Senior UX Architect Victor Elliott shares his approach to good design systems and delivery, how he became a designer and what he’s working on now.
We recently sat down with Victor Elliott from Centric Consulting to discuss his approach to design. Victor has been hard at work setting up a design system to help our team accelerate our design delivery using a consistent, repeatable process.
How did you come to be a designer?
Victor: I fell in love with art as a small child. I remember riding in the car with my mother in Colorado Springs when I was 8, and I found myself mesmerized by the paintings in the window of a car dealership.
I asked my mother what they were for, and she told me they were to attract new customers. I thought they were fascinating and beautiful. I decided then and there that that was what I wanted to do when I grew up.
In high school, I was recruited to play football for Stanford and Wyoming. Stanford, at that time, did not have a strong, forward-thinking program for aspiring designers. I chose Wyoming because of their rigorous design program.
After completing my undergraduate degree in art and graduate degree in marketing, the explosion of the web and digital media really set me up to pivot neatly into emerging technologies and digital design.
Everyone is talking about Customer Experience, Design Thinking, Experience Design, UX and UI – are we splitting hairs to an extent with these labels?
Victor: I’ve been a UX designer for more than 20 years, and my perspective is that we, as designers, cannot do our job appropriately if we cling to a label. As designers, we need to stay curious, flexible and be willing to challenge ourselves. I believe the label is less important than the skills required to do a certain job.
Labels are representative of the tools and skillset needed to do a specific job within the realm of design.
For example, you hire a carpenter to build a garage. A carpenter can build many things: for this project, he is asked to build a garage and one of the tools he brings is a hammer. You don’t hire the hammer. You hired the expert who understands how to use the hammer to build things.
As an expert, the carpenter chooses the right tools for the job. To me, hiring a label is equivalent to hiring the hammer.
It’s also like hiring a contractor to remodel your house. He needs to see how your house is built, before you actually see something visually appealing.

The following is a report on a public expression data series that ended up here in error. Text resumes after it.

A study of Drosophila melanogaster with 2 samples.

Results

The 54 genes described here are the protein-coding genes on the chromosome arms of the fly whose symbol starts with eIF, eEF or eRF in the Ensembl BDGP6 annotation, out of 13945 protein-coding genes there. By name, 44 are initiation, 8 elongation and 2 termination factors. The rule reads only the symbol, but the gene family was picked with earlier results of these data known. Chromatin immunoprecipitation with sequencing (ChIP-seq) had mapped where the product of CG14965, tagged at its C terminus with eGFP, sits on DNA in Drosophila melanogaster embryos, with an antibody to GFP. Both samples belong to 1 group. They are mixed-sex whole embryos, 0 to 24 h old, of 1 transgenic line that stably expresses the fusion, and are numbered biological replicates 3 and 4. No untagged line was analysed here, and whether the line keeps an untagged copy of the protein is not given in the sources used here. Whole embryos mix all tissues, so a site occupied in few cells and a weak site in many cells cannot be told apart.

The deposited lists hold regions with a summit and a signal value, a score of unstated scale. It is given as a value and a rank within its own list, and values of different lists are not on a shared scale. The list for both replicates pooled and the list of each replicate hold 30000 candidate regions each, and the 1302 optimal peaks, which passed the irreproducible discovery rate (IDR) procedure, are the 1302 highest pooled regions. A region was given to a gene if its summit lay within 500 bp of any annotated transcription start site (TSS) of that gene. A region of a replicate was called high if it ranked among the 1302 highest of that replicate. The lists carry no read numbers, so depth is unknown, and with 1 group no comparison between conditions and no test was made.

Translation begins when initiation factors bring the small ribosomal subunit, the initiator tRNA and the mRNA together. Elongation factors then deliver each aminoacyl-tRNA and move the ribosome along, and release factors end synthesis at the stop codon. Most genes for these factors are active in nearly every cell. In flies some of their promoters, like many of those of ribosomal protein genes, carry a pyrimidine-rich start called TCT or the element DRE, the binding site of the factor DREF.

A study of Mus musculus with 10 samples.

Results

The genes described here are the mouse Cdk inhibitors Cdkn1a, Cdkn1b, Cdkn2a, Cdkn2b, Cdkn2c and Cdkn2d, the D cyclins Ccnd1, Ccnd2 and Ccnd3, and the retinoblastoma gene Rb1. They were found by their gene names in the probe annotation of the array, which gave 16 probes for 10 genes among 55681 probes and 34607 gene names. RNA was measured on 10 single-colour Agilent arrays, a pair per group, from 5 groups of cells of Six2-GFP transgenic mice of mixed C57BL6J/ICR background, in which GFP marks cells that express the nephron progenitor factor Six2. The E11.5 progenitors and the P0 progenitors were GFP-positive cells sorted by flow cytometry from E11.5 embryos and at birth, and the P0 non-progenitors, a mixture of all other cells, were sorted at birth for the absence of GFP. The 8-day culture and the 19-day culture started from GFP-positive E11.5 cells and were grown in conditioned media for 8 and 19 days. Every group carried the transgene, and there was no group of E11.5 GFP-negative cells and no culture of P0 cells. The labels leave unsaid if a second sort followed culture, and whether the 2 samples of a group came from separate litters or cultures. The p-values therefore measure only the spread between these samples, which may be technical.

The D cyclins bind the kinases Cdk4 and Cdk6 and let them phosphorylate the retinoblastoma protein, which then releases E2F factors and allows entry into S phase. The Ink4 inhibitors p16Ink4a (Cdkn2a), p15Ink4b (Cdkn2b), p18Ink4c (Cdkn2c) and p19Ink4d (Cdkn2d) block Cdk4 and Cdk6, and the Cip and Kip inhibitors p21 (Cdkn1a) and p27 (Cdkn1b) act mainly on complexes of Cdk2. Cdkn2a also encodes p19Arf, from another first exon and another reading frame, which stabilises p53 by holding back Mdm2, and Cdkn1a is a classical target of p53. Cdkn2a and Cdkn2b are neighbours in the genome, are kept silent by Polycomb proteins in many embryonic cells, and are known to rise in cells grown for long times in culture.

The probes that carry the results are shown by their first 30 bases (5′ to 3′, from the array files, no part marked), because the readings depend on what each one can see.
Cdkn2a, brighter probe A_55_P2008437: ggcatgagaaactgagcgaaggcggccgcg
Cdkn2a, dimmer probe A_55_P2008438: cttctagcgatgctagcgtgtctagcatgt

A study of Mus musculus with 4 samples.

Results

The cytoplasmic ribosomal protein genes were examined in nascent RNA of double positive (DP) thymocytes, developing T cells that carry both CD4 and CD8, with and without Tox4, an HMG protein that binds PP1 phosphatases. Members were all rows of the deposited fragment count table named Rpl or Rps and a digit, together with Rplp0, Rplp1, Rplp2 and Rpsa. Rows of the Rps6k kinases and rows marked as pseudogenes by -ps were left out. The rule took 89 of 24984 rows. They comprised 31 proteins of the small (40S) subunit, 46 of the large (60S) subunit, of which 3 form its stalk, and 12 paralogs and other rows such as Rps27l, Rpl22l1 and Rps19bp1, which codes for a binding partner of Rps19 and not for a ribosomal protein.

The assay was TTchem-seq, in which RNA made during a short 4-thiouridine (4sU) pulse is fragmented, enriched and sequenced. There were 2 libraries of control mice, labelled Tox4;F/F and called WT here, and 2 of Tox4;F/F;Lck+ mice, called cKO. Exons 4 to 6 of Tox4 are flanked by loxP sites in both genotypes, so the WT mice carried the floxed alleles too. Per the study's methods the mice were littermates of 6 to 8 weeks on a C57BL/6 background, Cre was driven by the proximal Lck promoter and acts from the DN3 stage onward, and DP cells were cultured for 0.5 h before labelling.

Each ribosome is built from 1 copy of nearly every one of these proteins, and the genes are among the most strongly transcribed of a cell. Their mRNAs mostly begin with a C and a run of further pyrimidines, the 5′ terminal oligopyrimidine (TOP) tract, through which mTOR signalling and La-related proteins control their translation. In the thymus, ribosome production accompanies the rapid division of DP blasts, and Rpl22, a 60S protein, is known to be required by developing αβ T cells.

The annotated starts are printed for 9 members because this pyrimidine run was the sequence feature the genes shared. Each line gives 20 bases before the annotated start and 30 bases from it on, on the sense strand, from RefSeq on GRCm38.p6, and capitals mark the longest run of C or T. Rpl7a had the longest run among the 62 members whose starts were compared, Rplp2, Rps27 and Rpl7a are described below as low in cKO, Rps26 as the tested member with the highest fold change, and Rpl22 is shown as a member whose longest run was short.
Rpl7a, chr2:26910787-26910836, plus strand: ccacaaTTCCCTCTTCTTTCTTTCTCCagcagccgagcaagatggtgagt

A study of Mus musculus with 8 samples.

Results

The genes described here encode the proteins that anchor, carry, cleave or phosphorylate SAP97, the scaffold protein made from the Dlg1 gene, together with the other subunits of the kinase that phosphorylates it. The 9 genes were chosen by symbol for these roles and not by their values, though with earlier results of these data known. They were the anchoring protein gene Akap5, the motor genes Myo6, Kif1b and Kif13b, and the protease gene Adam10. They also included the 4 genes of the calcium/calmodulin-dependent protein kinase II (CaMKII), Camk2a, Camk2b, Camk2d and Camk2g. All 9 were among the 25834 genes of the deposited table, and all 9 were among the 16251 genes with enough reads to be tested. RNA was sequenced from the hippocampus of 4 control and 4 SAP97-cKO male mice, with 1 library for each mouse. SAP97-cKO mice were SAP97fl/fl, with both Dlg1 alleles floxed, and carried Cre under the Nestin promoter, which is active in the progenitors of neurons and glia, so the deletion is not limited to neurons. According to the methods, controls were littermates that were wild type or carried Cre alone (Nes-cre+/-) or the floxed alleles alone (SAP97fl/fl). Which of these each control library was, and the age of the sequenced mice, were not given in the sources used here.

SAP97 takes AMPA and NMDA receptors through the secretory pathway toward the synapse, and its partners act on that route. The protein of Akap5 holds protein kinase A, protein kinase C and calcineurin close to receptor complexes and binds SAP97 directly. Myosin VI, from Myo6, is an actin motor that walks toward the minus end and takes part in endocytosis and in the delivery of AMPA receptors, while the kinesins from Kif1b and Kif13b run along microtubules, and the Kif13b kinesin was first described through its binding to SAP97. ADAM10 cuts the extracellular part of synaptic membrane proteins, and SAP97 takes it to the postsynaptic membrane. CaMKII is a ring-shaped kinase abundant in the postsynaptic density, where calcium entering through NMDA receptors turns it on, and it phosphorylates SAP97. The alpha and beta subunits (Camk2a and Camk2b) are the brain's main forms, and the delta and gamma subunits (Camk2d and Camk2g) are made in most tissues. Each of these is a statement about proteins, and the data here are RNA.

It is the same with User Experience. For UX experts, you don’t get the end result, until we can see how your house is built and what we need to fix behind the walls before we can put on the paint or decorative tile.
What projects excite you the most?
Victor: The projects I get most excited about are generally things that people find mundane and boring. I like to make the boring stuff more interesting. For me, design is not about colors and pixels, but rather about making confusing experiences more pleasurable, and the complicated stuff more intuitive.
I enjoy challenging the notion that some kinds of work are inherently uninteresting as well as getting people excited about the project with me. When it works, I can actually feel the room “recharge.” That makes me excited.
That is not to say I only want to work on “dry” projects; but I appreciate taking on challenges that seem like a dud and help turn them into an experience that has longer-term meaning for the people involved. We all want a little more meaning in our lives. Less superficiality.
To you, what’s important about the internet and technology?
Victor: The people. There are no more 1-dimensional experiences. Companies are no longer “talking at their customers.”
It is no longer enough to spend $1 million dollars on a super bowl ad.
Successful brands are developing and nurturing personalized relationships that take into consideration who the customer is and what motivates them. Brands are compelled to connect with the human at the other end of the transaction.
Can you say little more about the design system project you’ve been working on?
Victor: I think of design systems as a “living style guide” that provides design teams with a fast, efficient and scalable environment that is also a source of truth for all principles and rules regarding the overall brand and its offerings.
Design systems are the connective tissue that binds cross-functional teams of designers and developers. For designers, a design system provides brand assets, iconography, fonts, branding and templates to quickly build digital properties.
For developers, a design system provides working source code that can easily be dropped into new projects, and prevents the same thing from being built over and over again. Design systems evolve with the team.
As a result, they increase efficiency, reduce duplicity and help us design, engineer and deploy more consistent user experiences across websites, mobile apps, portals and other digital channels.
What can people expect in working with you?
Victor: The most important tools I use are listening with empathy, a deep appreciation of the client’s business objectives and surfacing the customers’ needs, fears and desires in relation to the client.
The biggest assets I bring to the table are lack of ego, speed of delivery, 20 years of experience and a friendly disposition.